Question Answered by Alana Jensen, Environmental Educator, INL ESER Program
You may think that it’s the human riding the bike that keeps the bike balanced, but that’s not entirely true. If launched properly, a bike with no rider balances itself just fine and continues on its path as if a rider were guiding it. You can try this experiment yourself. So if your bike doesn’t need a rider to keep it balanced, there must be other forces at work.
Up until a few decades ago, scientists thought a bicycle is self-balancing when in motion only because of gyroscopic effects and caster effects.
Gyroscopic motion is the tendency of a rotating object to maintain the orientation of its rotation. The front wheel of the bicycle is spinning forward quickly, acting like a gyroscope. Then when you tip the bike to the right, the gyroscope applies the torque, which turns the handlebars to the right and causes the steering, bringing the wheels back under the bicycle and holding it up. This effect is easy to see when playing with a top. The faster the top spins the more likely it is to stay upright.
The caster effect is a self-aligning effect to keep the steering straight. Look at the bottom of an office chair. If you move the chair around, the wheels re-orient themselves to follow the motion. This is because the wheel’s ground contact point is behind the chair’s steering axis; the wheel trails behind. The front wheel of the bicycle also touches the ground a little behind where the steering axis hits the ground. If the bicycle direction changes when it’s going forward, the wheel will tend to follow and bring itself back under the rider.
Recent observations by a group of scientists led by J. D. G. Kooljman and his team have shown that while the gyroscopic and caster effects may contribute to the bicycle’s balance, they are not the root cause. The root cause is a front-loaded steering geometry. A front-loaded steering geometry means that the steering shape of the front wheel and frame on a bicycle is constructed such that the front of the bike falls faster than the back. If the bike starts to tilt to the left after hitting a bump and succumbing to gravity, the front wheel falls to the left faster than the rest of the bike. As a result, the bike turns left. The amazing part is that turning the front wheel to the left causes the momentum of the bike to snap to the right because of centrifugal force (just like you are thrown to the right side of your car when making a quick left turn). The right lurch of the bike compensates for the initial fall to the left and the bike ends up straight again. The fall becomes self-correcting because of the front-loaded steering geometry.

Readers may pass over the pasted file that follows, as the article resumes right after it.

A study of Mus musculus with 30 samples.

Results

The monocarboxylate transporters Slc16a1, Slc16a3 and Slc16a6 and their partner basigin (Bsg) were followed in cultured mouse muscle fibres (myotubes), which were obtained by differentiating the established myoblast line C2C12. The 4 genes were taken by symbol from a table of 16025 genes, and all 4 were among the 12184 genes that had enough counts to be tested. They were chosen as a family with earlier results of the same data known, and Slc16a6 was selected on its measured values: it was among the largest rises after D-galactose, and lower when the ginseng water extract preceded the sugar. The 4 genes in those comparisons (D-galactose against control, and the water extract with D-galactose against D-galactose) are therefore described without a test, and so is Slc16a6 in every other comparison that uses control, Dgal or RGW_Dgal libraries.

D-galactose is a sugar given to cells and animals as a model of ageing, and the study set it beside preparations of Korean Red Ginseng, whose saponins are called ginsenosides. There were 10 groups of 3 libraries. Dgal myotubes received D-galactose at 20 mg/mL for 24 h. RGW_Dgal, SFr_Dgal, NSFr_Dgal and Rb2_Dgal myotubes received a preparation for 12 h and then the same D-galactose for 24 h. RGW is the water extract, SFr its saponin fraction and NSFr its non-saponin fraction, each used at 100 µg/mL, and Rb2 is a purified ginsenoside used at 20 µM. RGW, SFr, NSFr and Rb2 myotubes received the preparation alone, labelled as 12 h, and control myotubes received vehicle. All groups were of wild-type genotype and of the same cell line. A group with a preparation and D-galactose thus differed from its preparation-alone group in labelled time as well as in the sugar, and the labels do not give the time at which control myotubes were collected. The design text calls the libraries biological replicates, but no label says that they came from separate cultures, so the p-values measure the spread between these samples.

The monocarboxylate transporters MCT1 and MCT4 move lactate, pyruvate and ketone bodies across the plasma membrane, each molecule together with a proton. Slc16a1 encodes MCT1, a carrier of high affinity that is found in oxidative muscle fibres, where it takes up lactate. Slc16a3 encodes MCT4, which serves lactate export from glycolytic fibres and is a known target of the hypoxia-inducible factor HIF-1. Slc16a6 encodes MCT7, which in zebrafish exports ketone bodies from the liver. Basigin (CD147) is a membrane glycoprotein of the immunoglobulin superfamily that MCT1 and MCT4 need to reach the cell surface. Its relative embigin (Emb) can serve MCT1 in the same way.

Centrifugal and Centripetal Forces
Centrifugal and centripetal forces are often confused with each other.
Centripetal force is the force needed to make something move in a circle. A constant magnitude centripetal force that is always perpendicular to the direction of motion will make the object move in a circle. For instance, suppose you swing a rock around your head with a string. Centripetal force is acting on the rock to make it move in a circle.
If an object moving in a circle and experiences an outward force than this force is called the centrifugal force. It is not a real force, but instead comes from an object’s inertia, which is the force that keeps stationary objects at rest and moving objects in motion at a constant velocity.
Let’s experiment with centripetal and centrifugal force.
Materials: Empty bucket with handle, water, your arm, outdoor area so you don’t make a mess
- Practice the motion you will use for this experiment. Hold the handle of the empty bucket and do a complete circular swing up from the ground to behind your back. Practice until you can do this in one smooth motion.
- Fill the bucket part way with water.
- Do Step 1 again, this time with water in the bucket.
When you swing the bucket back and forth, you can feel the bucket and the water inside pulling on your arm because it wants to continue to move in a straight line and you want to make it go in a circle. As you swing higher and higher, the water pushes harder on the bottom of the pail. But when you swing the bucket upside down, gravity tries to pull the water out of the bucket. Whichever force, the gravity or the centripetal, is stronger wins. As long as you swing the bucket fast enough, the force of the water pushing on the bottom of the bucket (centripetal force) will be stronger than gravity and the water will stay in the pail. Of course, if you swing too slowly, you’ll get wet.